Nikon Coolpix S6300 review

10x optical zoom, Full HD video recording and a 16MP sensor

Nikon Coolpix S6300 review
Its 10x optical zoom gives the Nikon Coolpix S6300 a little pulling power


The 16 megapixel sensor is able to capture an impressive amount of detail, making it good for a variety of different subjects.

A 10x optical zoom is very flexible for a camera that fits comfortably in a pocket. Images shot at the telephoto end of the zoom lens are sharp, with lens shift vibration reduction seeming to do a good job of keeping blur from camera-shake to a minimum.

Nikon Coolpix S6300 review

There's a noticeable loss in quality when using the digital zoom to get even closer to a subject, but this is to be expected. We'd only recommend using the digital zoom if absolutely necessary.

Autofocus is quick and, in the majority of cases, accurate. When shooting with automatic AF point detection, the Nikon Coolpix S6300 does a reasonably good job of judging which area of the scene should be focused on. Having the ability to switch to manual AF selection is a fantastic addition, and is especially useful for shooting subjects such as macro or portraits.

Macro focusing is only promised from as close as 10cm, but we found on several occasions that the camera was able to focus closer than that, making this particularly useful for shooting frame-filling subjects such as flowers. When shooting macro images, an attractive shallow depth of field is achieved, with a smooth loss of detail producing very pleasing effects.

Nikon Coolpix S6300 review

Generally, metering is very good, even when presented with mixed lighting conditions. There's no opportunity to change the metering mode, with the camera using 256-segment Matrix (sometimes known as evaluative, mixed or general metering) in the majority of situations, only changing to partial or spot metering when engaging the digital zoom.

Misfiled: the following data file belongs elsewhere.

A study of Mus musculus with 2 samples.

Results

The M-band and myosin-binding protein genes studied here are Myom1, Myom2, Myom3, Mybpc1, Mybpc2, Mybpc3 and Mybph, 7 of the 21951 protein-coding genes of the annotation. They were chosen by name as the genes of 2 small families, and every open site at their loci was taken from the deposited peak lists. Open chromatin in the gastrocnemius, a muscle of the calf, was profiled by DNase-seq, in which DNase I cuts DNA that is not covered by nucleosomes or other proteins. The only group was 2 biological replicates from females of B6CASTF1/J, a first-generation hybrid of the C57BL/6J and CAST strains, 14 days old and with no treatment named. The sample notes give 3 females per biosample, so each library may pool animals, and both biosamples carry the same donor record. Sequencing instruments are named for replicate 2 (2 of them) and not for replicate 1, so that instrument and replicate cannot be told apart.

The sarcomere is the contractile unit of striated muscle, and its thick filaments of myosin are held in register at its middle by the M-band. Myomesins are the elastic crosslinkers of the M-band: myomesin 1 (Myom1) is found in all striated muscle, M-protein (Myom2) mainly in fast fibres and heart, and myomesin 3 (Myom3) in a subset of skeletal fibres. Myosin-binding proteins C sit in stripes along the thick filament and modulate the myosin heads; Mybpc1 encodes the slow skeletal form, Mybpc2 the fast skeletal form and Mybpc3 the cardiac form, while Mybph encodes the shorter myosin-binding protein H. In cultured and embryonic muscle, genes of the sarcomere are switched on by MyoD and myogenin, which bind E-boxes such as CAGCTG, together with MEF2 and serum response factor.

Examining images from the Nikon Coolpix S6300 at 100%, or actual pixel size, does reveal some smoothing in areas where noise reduction has obviously been applied. However, given the unlikelihood of users of this camera wishing to make very large prints, we can't see this being particularly problematic. Loss of detail is hardly noticeable when viewing images at A4 or under, or at web sizes.

Many modern compact cameras include artistic digital filters, and the Nikon S6300 is no different. There's a couple of good filters here, a particularly effective one being High Contrast monochrome.

Nikon Coolpix S6300 review

Other manufacturers provide a more extensive range of filters, so unfortunately this camera is not particularly special in that respect. It's also a little surprising to see the almost ubiquitous Miniature effect missing from the shooting menu, since that seems to be a selling point of many other cameras.

For those not satisfied with the filters offered in the shooting menu, there are others that can be applied post-capture. These include Fish-eye and the aforementioned Miniature. With very little control over the parameters of these filters, don't expect anything too amazing to result from their use.

Panoramic mode is something that is starting to appear in more and more compact cameras. This enables an ultra-wide angle image to be produced by sweeping the camera across a scene. There are different ways this can be achieved. On the Nikon Coolpix S6300, a video is shot as the camera is moved across the scene, with the resulting wide image extracted from that.

Sony has been a pioneer of this technology, and we're sad to say that this Nikon version isn't particularly well executed. The low-resolution image looks reasonable when viewed at web sizes, but when increasing even slightly, you can see many examples of smoothing and loss of quality. It also fails to stitch correctly on occasion.

Amy Davies

Amy has been writing about cameras, photography and associated tech since 2009. Amy was once part of the photography testing team for Future Publishing working across TechRadar, Digital Camera, PhotoPlus, N Photo and Photography Week. For her photography, she has won awards and has been exhibited. She often partakes in unusual projects - including one intense year where she used a different camera every single day. Amy is currently the Features Editor at Amateur Photographer magazine, and in her increasingly little spare time works across a number of high-profile publications including Wired, Stuff, Digital Camera World, Expert Reviews, and just a little off-tangent, PetsRadar.